A few years ago, my little community was rocked by a school shooting. This wasn’t your “normal” school shooting at a high school or university. (Oh, and I cringe knowing that there is a “normal” to these events.)
This was a shooting at an elementary school — from a young child to a young child.
To be honest, before the SWAT team arrived, and the ambulances whisked away this little girl … Before the candlelight vigils and the prayers and the little city rocked to it’s core … Before all that, I didn’t even know that this school existed. Even though it sat right behind the park I took my kids to on a regular basis.
Like everyone else, I was shocked and saddened when I heard the news. I prayed the victim would recover, and prayed for her family. I watched all the updates on Facebook and in the news as she went through surgery after surgery.
But it still didn’t hit me the way it hits me now.
You see, the school is not just “some school” anymore.
It’s my school. It’s Maddy’s school. I walk the halls daily. I know the classrooms and the teachers and the staff.
It’s the place in which I entrust my daughter’s safety and learning 5 days a week.
And now, when I look back on the pictures of that shooting, I cry. Because now, it’s personal.
When the bombs went off in Paris, and the shooters took to the restaurants and streets on a bustling Friday night … when concert goers became hostages, and concert hall became a tomb … We Westerners were aghast. Horrified. Shocked. Crying. Mourning.
Exactly as we should.
We hashtagged Paris. We changed profile pics. And we prayed (or at least posted that we were praying) for the victims.
But when a similar attack took place in a marketplace in Beirut this week, we were strangely silent. When a university in Kenya was taken by militants, and 148 students were massacred this April, we never even saw a peep about the tragedy.
I’m no psychologist, but I don’t think it takes one to realize we care most about the things that affect us.
And next we care about the things that affect people we know.
And that third tier of caring would be for things that happen to people we can relate to.
Relating is fundamentally at the base of “relate-tionships.”
Some of us are related by genes. Others we relate to because we think similarly, or we share networks, or we do the same things. I think we are designed to CRAVE not only relationships — but the process of relating itself.
Marketers know this and spend some serious cash creating a product or service you can relate to. When I worked as a copywriter for fundraising, as often as I could, I’d begin my letter with a story. A human story. One the receiver of the letter could relate to and feel compassion for — enough that she would open her checkbook and donate to our cause.
I even did it in this blog post, if you hadn’t already noticed.
Seeking out ways to relate affects more than just how I write.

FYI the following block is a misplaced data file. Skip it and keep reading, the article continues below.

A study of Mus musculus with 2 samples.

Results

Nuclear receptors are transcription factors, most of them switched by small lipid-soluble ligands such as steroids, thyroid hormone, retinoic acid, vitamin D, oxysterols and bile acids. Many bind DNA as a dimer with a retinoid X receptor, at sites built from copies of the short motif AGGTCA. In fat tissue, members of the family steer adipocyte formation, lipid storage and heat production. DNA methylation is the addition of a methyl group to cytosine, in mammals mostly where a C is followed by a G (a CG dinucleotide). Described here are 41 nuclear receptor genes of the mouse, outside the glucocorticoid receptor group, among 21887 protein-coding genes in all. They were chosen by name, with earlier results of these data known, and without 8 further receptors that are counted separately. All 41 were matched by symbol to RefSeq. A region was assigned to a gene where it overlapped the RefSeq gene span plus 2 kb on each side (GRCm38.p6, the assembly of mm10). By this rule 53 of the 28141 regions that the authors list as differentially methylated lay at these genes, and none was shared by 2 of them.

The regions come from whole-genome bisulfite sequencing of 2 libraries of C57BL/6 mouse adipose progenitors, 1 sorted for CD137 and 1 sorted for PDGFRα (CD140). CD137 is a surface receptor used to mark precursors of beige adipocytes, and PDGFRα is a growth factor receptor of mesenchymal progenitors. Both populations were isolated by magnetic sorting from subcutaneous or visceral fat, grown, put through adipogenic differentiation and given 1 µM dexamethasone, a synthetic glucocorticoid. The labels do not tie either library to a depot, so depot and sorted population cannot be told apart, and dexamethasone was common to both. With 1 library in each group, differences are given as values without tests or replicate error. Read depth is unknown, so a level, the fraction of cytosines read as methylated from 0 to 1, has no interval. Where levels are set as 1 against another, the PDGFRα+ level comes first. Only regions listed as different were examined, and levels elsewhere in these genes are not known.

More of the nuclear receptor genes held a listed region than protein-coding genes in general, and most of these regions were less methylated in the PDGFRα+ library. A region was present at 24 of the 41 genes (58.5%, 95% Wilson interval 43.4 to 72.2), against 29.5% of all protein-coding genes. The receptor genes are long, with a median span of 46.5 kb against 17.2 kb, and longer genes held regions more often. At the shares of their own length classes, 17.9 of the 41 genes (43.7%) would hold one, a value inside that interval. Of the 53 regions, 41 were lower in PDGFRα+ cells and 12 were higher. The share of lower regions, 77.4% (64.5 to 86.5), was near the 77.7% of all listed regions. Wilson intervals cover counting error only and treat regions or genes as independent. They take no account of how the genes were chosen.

I didn’t really understand the black movement. I mean, logically, yes I understood. I knew racism existed, but I (in my own little white world) didn’t notice the racism. But I didn’t really GET it. Not until a little boy come into our home … And now everything’s changed for me.
Now, if I see racism in the news, or watch a movie with slavery in it, I cry. Because I cannot imagine anyone hating this kid based on his color.
Now, it’s personal.
When I hear about a child getting hurt or killed, it is always horrible. Always.
But somehow, it is even more horrible if that child was the same age as one of my own kids. Because that makes it too real. It’s too close to home. It’s no longer that “I can’t imagine what it would be like to go through that.” Instead, it’s, “I can only imagine the shock, horror and devastating grief I would feel if that were my kid.”
Now, it’s personal.
And so, when Paris this weekend was terrorized, we felt it personally. Some of you have been to France. Many of us have connections there. But even those of us who don’t, we have hit that third tier of connection …. We can relate to the people of Paris.
They are businesswomen and men. They are students and employees. They were white Westerners who looked like us, lived like us, and for all it’s worth, could have been us.
The attack was personal.
When Beirut was attacked, most of us didn’t even hear about it. But even if w had, we hear about attacks every day in the Middle East. We have grown cold to it. Maybe even a bit callous.
Because they are not like us. It is harder to relate.
They are a different color, with different religious and political ideas. They don’t shop in a grocery store, but in a market. Their world gets shot up or blown up all the time. They live under political unrest, dictators and religious militants.
This Lebanese doctor sums it up perfectly in the NY Times article:
“When my people died, no country bothered to light up its landmarks in the colors of their flag,” Elie Fares, a Lebanese doctor, wrote on his blog. “When my people died, they did not send the world into mourning. Their death was but an irrelevant fleck along the international news cycle, something that happens in those parts of the world.”
Something that happens in THOSE parts of the world.
#Beirut = Those parts of the world. Not ours. Them. Not us.
#Paris = Our part of the world. Together. We are the same. We are with you.
I am just as saddened as the rest of you about the Paris terrorist attacks. But I, for one, will not be changing my profile pic to the flag. Not that it would be wrong to do so. But just because I don’t just stand with Paris. My heart is for the world. For the seen, the unseen, the heard and the unheard. The black, the white, the refugee, and yes — even yes — the Muslim.
How can we best show our support for victims without marginalizing others? Do you notice that you tend to care a little less when you can’t relate to someone’s plight?